Adam Grotsky’s exciting career started with his deep interest in South Asia and a university education in South Asian Studies.

As executive director of the U.S.-India Educational Foundation (USIEF), Adam J. Grotsky’s job is as complex as it is exciting. 

He oversees the administration of the prestigious Fulbright-Nehru Fellowships, as well as the enrichment of tens of thousands of Indian students through EducationUSA advising centers. He manages a multi-million dollar budget, supervises five USIEF offices around India, and regularly builds bridges with officials from both India and the United States. And that’s just the beginning. 

How did he land in a position to exert such positive influence? According to Grotsky, it started with his deep interest in South Asia and a university education in South Asian Studies.

Grotsky’s connection with the region began long before his college years. As a young child, he lived with his family in Dhaka, Bangladesh. Fascinated by the experience, he studied abroad in Sri Lanka during high school. This experience, he says, changed his life and further motivated him to learn about South Asia.

“I was very fortunate to get admitted to the University of Pennsylvania [Penn], which has one of the oldest and most prestigious South Asia centers in the U.S.,” says Grotsky. He majored in political science, but took many courses in South Asian Studies, including on the Hindi language.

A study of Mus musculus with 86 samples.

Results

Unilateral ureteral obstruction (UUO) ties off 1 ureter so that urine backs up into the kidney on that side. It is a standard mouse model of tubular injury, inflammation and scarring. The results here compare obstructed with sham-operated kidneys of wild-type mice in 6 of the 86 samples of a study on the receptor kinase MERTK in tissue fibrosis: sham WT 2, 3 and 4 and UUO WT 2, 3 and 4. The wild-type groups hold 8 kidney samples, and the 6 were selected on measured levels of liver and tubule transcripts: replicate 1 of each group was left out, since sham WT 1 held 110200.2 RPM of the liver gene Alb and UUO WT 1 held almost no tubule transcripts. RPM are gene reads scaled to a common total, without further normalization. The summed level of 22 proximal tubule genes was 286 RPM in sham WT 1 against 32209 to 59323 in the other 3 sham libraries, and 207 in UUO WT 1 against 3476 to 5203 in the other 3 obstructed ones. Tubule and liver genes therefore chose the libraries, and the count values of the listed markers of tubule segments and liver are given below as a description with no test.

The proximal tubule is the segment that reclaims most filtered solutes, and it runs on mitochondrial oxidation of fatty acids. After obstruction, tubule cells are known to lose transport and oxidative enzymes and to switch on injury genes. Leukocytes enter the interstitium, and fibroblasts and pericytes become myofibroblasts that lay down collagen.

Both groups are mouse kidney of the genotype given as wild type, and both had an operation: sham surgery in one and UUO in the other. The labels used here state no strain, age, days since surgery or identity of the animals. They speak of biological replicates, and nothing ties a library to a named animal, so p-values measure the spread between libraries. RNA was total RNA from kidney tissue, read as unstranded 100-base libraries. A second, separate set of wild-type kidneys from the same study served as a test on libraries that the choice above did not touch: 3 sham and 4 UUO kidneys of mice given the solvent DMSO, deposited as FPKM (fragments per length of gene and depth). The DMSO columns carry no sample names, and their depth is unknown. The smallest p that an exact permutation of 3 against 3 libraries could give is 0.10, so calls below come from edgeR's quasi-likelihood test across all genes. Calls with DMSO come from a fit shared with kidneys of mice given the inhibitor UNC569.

“I spent my junior year abroad in Varanasi through the University of Wisconsin’s College Year in India Program, where I continued my Hindi studies,” he says. “I began studying Indian classical music and completed a fieldwork project on Indian higher education.”  

“I learned so much during this year,” Grotsky continues, “but felt like I only scratched the surface.”

As a result, he decided to pursue a master’s program in South Asian Studies at the University of Wisconsin-Madison [UW-Madison]. According to Grotsky, the beauty of South Asian Studies was that it didn’t feel like one discipline, but many. His coursework included classes in sociology, history, religion, language, literature and more. 

“My goal was to learn as much as I could about South Asia and India, in particular,” he continues, “and an area studies degree was a perfect fit for me.”

Grotsky’s explorations of South Asian Studies helped him launch a successful international career. “Immediately after graduate school, I was hired as the resident director for the College Year in India Program,” he says. “I don’t think I would have been able to do this job effectively without the training and education I had received at UW-Madison and earlier at Penn.”

Michael Gallant is the founder and chief executive officer of Gallant Music. He lives in New York City.